Robert Charles Russell, otherwise known as "Jack Russell", was spotted at the age of nine by Gloucestershire coach Graham Wiltshire. He became one of the county's longest-serving players, and proved himself at Test level as a record-breaking wicket-keeper and courageous lower-order batsman.
English cricket's most colourful and eccentric character, Jack Russell, proves he is not afraid to stand up to the authorities in defence of his forthright opinions on the game.
In his richly entertaining autobiography, the Gloucestershire and England wicket-keeper lifts the veil on the upheavals and dressing-room rows that have punctuated his country's recent performances, from the failure of the Illingworth regime to the complex behind-the-scenes interplay during the Lloyd-Atherton years. He talks openly about the blackest moments of his life – his brother’s death and his depression at the end of the 1994 West Indies tour – while recalling his triumphant record-breaking achievements and his passion for painting and military history.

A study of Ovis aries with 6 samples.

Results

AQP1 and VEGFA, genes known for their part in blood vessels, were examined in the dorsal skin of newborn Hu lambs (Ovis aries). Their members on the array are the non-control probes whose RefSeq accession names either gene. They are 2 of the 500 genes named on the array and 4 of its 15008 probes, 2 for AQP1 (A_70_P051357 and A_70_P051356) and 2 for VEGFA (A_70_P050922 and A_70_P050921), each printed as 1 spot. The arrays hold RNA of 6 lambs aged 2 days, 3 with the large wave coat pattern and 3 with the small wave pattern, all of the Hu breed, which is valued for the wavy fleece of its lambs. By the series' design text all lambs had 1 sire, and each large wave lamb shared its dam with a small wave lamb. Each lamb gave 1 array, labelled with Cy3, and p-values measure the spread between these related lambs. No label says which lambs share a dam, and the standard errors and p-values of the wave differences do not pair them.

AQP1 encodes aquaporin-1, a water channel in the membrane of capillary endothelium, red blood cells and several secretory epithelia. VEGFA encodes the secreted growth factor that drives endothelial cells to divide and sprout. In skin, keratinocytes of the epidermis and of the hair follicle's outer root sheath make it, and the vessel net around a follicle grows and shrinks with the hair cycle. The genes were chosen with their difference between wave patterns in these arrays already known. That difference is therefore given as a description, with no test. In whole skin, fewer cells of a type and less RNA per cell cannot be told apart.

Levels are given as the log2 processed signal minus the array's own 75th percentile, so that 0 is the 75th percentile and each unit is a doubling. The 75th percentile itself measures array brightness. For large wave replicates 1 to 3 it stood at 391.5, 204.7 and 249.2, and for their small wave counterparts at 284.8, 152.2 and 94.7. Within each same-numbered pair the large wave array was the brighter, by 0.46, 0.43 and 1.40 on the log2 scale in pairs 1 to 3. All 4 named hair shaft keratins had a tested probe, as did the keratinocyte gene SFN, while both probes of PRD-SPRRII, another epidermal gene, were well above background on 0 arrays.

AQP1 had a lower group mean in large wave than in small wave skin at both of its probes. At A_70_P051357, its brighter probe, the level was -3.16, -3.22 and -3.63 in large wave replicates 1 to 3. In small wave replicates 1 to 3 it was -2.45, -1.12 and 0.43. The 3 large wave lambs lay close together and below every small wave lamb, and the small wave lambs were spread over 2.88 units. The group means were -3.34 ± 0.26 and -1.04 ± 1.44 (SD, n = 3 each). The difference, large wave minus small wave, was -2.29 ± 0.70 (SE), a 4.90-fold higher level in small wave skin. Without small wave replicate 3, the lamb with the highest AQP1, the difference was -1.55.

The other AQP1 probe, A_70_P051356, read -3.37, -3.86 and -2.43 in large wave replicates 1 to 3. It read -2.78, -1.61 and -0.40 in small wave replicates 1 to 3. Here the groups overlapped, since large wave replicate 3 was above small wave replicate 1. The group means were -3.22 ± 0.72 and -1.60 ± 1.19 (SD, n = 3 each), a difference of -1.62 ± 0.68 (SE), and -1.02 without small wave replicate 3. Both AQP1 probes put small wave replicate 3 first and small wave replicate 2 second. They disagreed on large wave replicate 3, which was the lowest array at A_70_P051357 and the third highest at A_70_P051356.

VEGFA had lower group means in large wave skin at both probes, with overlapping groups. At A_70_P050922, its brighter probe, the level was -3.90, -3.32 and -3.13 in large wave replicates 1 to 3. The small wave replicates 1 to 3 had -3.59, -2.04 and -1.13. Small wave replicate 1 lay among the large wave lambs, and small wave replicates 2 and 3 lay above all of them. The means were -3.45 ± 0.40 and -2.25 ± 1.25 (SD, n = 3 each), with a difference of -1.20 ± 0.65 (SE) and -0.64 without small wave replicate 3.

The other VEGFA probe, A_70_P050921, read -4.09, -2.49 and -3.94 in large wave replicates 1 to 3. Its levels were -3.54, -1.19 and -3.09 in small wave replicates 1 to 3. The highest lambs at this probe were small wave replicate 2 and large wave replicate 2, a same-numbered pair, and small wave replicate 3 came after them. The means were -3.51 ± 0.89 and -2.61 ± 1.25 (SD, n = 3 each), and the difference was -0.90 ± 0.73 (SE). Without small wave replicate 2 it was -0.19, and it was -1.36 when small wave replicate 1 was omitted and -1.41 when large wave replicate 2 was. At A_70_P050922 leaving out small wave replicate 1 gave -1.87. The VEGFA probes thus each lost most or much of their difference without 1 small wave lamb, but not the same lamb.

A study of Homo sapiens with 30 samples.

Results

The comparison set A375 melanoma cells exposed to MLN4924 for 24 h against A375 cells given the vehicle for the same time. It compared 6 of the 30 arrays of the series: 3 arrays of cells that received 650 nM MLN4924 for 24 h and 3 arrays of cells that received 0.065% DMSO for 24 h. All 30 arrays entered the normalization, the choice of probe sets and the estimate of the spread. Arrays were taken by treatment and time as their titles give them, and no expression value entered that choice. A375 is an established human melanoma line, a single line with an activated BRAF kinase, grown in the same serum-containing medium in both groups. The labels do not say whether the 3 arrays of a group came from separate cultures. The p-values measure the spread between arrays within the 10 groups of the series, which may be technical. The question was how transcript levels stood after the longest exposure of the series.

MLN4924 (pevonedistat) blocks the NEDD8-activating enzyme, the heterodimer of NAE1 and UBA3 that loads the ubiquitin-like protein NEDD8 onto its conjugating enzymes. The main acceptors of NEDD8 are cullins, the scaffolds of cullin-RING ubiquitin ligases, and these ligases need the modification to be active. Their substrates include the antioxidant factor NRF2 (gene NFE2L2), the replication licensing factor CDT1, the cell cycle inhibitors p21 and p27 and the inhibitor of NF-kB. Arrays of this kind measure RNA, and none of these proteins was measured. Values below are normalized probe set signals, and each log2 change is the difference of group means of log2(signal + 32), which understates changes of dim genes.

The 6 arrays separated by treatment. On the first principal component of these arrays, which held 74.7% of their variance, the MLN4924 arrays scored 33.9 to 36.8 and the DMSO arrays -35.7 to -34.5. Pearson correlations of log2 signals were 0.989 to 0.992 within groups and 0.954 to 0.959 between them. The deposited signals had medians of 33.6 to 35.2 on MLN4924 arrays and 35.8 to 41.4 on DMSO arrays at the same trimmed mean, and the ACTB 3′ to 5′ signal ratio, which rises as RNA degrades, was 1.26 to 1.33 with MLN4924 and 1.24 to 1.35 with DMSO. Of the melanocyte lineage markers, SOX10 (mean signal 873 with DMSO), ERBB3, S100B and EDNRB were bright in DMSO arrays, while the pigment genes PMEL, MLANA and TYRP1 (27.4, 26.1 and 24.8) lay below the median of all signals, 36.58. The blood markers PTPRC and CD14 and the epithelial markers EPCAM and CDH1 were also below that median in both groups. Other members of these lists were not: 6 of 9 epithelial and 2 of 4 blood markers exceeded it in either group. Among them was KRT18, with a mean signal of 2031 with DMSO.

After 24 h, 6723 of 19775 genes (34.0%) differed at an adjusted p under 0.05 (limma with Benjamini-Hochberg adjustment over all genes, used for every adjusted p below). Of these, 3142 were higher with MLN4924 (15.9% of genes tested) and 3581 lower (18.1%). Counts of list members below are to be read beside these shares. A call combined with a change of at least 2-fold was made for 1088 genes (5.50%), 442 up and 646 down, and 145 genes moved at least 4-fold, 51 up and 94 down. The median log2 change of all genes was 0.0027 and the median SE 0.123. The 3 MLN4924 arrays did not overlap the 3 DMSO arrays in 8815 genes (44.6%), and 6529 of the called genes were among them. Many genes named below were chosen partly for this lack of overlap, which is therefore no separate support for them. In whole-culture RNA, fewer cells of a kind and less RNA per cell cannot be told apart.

Fully updated with Russell's behind-the-stumps account of the 1997/98 winter tour to the West Indies, this book is a tribute to one of the most popular and respected figures in the modern game.
"Russell is a persuasive critic of the England set-up."
"An explosive book…"
"There is no more interesting character in the game…"
Jack Russell is Gloucestershire CC’s longest serving cricketer, while at Test level he holds the world record for the number of dismissals by a wicket-keeper in one match. He has played 49 times for his country and is generally regarded as one of the top three wicket-keepers in world cricket. In 1997 he reached 1000 first-class runs in a season for the first time.